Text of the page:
Voters in Springfield, Missouri on Tuesday narrowly repealed an ordinance that prohibited discrimination in employment, housing and public accommodations based on sexual orientation and gender identity.

Fifty-one percent of voters voted for repeal.

A.J. Bockelman, executive director of PROMO, an LGBT rights group, called the vote disappointing.

“We are still here for each other, and we will work together to continue to make Springfield a welcoming place for ALL people,” he said in a statement. “Tomorrow, just as today, we continue working to achieve equality.”

“Everyone in Springfield, including LGBT people, should be able to live, work, and care for their family without fear of discrimination,” said HRC National Field Director Marty Rouse in a statement. “While yesterday was a difficult setback for equality in Springfield, the fight goes on and the future is bright. We were proud to support the thousands of fair-minded voters in Springfield who cast ballots to defend equality in the election, and we're committed to ensuring that equality will ultimately prevail in Springfield and throughout the state of Missouri.”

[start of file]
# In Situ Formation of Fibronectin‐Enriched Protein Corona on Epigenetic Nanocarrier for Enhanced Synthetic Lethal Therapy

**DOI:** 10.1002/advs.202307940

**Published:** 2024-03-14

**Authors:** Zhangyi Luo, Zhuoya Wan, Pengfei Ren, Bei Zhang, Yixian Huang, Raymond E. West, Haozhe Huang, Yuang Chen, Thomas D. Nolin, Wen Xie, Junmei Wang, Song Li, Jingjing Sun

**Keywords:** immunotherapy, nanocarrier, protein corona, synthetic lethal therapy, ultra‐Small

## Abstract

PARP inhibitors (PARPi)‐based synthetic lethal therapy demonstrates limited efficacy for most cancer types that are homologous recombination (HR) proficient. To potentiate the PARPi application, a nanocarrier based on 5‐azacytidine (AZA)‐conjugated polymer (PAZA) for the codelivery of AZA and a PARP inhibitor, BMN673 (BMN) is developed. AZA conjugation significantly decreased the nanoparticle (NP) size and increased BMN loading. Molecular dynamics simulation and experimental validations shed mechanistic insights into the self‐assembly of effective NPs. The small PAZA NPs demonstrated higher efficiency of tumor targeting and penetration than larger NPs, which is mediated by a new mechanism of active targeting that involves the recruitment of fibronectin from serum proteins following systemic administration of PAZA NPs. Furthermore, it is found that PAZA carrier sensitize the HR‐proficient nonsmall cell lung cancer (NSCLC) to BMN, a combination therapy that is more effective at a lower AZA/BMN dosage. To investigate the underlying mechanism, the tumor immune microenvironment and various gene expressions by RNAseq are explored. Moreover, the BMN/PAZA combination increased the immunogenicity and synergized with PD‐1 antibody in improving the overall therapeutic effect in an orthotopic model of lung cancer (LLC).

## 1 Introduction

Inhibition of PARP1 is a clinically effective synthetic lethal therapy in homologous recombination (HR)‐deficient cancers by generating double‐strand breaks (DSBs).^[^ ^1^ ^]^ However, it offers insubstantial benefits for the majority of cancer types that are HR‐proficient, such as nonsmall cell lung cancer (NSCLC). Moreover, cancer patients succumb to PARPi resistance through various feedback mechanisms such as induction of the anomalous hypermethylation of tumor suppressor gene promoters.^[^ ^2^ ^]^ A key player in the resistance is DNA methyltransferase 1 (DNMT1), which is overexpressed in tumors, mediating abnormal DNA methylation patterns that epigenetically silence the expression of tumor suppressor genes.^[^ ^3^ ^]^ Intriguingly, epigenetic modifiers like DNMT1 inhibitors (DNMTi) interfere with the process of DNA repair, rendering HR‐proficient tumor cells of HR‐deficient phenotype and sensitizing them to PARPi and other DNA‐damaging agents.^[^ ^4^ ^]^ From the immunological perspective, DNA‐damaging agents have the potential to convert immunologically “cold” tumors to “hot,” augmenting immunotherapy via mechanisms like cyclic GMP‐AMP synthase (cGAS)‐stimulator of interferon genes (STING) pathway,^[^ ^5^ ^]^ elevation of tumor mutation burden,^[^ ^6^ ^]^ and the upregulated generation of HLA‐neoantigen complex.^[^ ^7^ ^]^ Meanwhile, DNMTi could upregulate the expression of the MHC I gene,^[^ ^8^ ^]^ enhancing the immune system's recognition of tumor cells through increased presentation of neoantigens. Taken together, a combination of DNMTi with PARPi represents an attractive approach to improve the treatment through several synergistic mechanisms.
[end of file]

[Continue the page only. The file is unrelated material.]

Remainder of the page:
The ordinance was approved in October by the Springfield City Council. Almost immediately, opponents began work on a petition drive to repeal the law.

Spearheading the effort was Christians United for Political Action

“The only issue that we have is we do not want to recognize and participate and lend our voice to gay marriage. That's it,” Calvin Morrow, the group's leader, told KY3.

However, the Rev. John Lindell, head of James River Church, compared being gay to being an alcoholic or an adulterer in a sermon last month urging congregants to repeal the law.

“It is possible for someone who has practiced a life of adultery to stop,” he said. “It is possible for someone who has been a life-long alcoholic to stop. It is possible for somebody who has a cutting tongue and big mouth to stop. It is possible for someone who is engaged in homosexual behavior to stop.”

Lindell added that gays will not make it to heaven.

Thirteen other Missouri cities have approved similar laws.